Nasty Patrolling Policing Weeders
Per-Anders Forstorp has recently published a long paper in the science studies journal VEST. It's more of an opinion piece than a study: Forstorp comments upon an organisation and a number of books edited and published by its members. He doesn't like them at all.
Science studies are the sociological study of scientists and scientific organisations. Dr Forstorp, somewhat surprisingly, works at the computer science department of the Royal Institute of Technology in Stockholm, an engineering college. He teaches courses in communication and sociological aspects of technology. His research interests are mainly about "the conditions for public discourse [...], moral and political discourse, and critical media studies".
Forstorp is a post-modernist critical scholar along the same lines as David Holmes of "microfascism" fame. This shows in the title of the VEST paper, "The construction of pseudo-science. Science patrolling and knowledge policing by academic prefects and weeders". In Forstorp's opinion, pseudoscience does not have recognisable traits of its own: instead the category is "constructed" by skeptics pointing out certain works and beliefs as pseudoscience. Holmes et al.'s paper aims at "Deconstructing the evidence-based discourse in health sciences" and is all about the power over belief.
The power over belief is also Forstorp's problem. The organisation that his paper criticises is the Swedish Skeptics' Society, Föreningen Vetenskap och Folkbildning (VoF), and the author he affords the most critical attention is philosopher Sven Ove Hansson (who also happens to work at the Royal Institute of Technology).
I'm a board member of VoF and I rather like the books Forstorp finds so objectionable. So I was of course curious about what the man had to say.
There is very little concrete criticism in the paper. Forstorp's main problem with VoF seems to be about free speech: he does not see outspoken skepticism as an exercise in free speech, but as a repressive force that attempts to silence it in others. Forstorp finds VoF intolerant, positivistic and patriarchal, three words that are among the most derogatory terms in the entire post-modernist vocabulary. He feels that men and women have different "ways of knowing" and that the male-dominated skeptic movement is repressing female thought about alternative medicine, New Age spirituality etc.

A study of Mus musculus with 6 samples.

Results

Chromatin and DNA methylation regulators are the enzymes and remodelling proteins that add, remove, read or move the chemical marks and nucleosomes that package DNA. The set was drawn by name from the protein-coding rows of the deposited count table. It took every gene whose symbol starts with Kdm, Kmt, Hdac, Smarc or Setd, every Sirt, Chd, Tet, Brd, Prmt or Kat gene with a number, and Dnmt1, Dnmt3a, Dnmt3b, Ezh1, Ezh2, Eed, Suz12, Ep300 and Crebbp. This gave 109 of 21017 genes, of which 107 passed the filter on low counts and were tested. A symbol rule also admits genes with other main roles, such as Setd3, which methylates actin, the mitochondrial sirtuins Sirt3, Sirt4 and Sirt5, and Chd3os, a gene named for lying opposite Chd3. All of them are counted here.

Another problem with VoF in the eyes of Forstorp is his belief that the organisation does not allow social sciences and humanities into its definition of science. He bases this idea on a skewed reading of one of Sven Ove Hansson's books. I'm a humanities PhD, and although there are precious few of us in the organisation, I must say that I've been treated very well. But then, I'm a rationalistic humanist who feels that much of what my colleagues in the humanities do really isn't science at all, but aesthetics and literary criticism.
I am not at all familiar with Forstorp's other work. But as I said at the beginning of this entry, the VEST paper isn't a scientific study to my mind. It's basically critical journalism based on the post-modernist axiom that Thou Shalt Not Tell Anyone That They Are Wrong. But as always in the good old science wars, the post-mod Forstorp can't abide by this rule: his paper in fact tells the world that the skeptic movement is wrong. But he doesn't present any arguments for this opinion, and so is unlikely to convince anyone who doesn't already buy the paper's premise.
Forstorp, P-A. 2006 (antedated to 2005). The construction of pseudo-science. Science patrolling and knowledge policing by academic prefects and weeders. VEST. Journal for science and technology studies 18:3-4. Gothenburg / Oslo.